After eighteen depressing months of Sisyphean pushing the rock up the hill in search of a distributor, we got the film into theaters in about 25 cities. Got one bad review (in DC) and one rave (in the LA Times). Thank God it wasn’t the other way around – DC is not as significant a market as LA. Still that bad one stung. Maybe I should have been like Donald Trump and only read the complimentary press, but I was young and sure that I was tough enough for anything. I hadn’t learned to treat myself like an artist, to spare myself from being tough on every front. I wish I had been more kind to myself.

I knew what story I wanted to tell next – Cowgirl. Like Thousand Pieces, it was set in the American West. When people in the financing world described it as a western, I corrected them, “It is set in the west, but it’s not a western.”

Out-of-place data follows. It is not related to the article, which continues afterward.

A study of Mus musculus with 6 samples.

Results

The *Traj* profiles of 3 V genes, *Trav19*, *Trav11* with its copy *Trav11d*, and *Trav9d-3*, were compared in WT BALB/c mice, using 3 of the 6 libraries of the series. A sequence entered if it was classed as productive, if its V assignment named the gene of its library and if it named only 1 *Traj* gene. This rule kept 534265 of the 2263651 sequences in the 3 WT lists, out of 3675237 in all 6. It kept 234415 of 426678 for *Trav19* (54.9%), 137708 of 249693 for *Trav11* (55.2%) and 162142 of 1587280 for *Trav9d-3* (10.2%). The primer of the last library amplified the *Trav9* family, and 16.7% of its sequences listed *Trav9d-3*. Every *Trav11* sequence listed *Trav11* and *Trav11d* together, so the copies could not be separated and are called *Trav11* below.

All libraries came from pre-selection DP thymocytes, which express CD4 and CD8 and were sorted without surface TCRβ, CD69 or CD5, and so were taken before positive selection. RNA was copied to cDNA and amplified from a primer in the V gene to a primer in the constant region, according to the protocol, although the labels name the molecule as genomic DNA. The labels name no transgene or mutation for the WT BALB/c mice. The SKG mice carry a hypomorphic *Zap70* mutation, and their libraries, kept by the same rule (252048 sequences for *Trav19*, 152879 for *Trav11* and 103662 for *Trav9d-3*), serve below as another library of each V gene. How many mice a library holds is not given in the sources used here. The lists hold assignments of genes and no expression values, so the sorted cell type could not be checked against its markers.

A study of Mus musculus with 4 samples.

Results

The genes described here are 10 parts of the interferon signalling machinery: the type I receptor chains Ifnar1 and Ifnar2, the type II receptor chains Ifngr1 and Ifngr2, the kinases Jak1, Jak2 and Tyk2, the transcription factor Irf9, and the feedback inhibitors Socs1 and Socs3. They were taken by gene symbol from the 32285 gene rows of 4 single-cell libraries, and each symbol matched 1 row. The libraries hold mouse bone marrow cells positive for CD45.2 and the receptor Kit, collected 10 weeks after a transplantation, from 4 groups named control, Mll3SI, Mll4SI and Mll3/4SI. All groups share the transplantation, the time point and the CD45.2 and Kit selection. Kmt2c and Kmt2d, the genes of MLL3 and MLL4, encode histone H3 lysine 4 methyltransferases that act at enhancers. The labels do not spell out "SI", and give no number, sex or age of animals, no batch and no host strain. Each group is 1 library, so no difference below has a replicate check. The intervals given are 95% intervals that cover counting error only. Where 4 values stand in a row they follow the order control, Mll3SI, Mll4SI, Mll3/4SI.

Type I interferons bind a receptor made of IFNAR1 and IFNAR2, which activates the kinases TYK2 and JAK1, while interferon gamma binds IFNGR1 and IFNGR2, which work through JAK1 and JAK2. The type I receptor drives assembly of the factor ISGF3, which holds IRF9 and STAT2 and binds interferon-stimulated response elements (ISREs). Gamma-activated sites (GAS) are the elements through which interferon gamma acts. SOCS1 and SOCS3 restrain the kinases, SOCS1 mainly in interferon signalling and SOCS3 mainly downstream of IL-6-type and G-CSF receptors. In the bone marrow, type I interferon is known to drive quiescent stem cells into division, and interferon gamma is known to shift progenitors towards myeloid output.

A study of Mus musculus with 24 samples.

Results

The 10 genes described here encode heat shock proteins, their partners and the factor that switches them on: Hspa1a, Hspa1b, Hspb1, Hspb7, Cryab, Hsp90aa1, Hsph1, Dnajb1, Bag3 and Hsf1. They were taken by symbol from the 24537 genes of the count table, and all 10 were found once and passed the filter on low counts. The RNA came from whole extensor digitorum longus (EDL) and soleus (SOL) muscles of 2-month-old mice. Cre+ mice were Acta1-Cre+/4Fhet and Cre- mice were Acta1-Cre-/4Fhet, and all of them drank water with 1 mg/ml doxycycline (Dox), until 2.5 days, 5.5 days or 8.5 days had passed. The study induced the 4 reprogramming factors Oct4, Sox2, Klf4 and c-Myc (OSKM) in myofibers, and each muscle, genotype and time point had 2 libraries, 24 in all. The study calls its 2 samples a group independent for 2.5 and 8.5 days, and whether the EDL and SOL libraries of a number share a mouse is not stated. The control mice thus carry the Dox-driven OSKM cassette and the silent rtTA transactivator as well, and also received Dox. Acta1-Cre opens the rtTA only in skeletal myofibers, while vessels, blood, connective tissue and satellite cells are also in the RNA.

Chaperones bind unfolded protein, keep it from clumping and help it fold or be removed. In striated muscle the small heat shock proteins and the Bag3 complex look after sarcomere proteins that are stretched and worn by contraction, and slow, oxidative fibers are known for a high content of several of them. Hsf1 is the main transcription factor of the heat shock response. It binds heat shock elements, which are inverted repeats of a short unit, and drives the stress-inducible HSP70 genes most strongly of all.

They weren’t persuaded. I wish I had said, “You are right, it is a western, the way Dances with Wolves is a western: a different story, a different point of view, something that will draw in audiences who say they don’t like westerns, but who like modern day stories with female protagonists.”

But times had changed since we raised the financing for Thousand Pieces. The prestigious company that had stepped in to support that film closed its doors, leaving empty the arena of financiers open to directors and protagonists who were not white men. The independent film flavor of the decade was more cynical: Reservoir Dogs was the big hit.

I had a lot of meetings with studios and independent production companies. The most successful pitch I ever gave: “It’s about guns, girls and buckets of blood. It’s called Reservoir Kittens!”

The women leaned forward and enthusiastically clapped their hands. “That sounds great!”

I was toying with them. They were so idiotic; they took the bait. That was my last pitch to a Hollywood studio.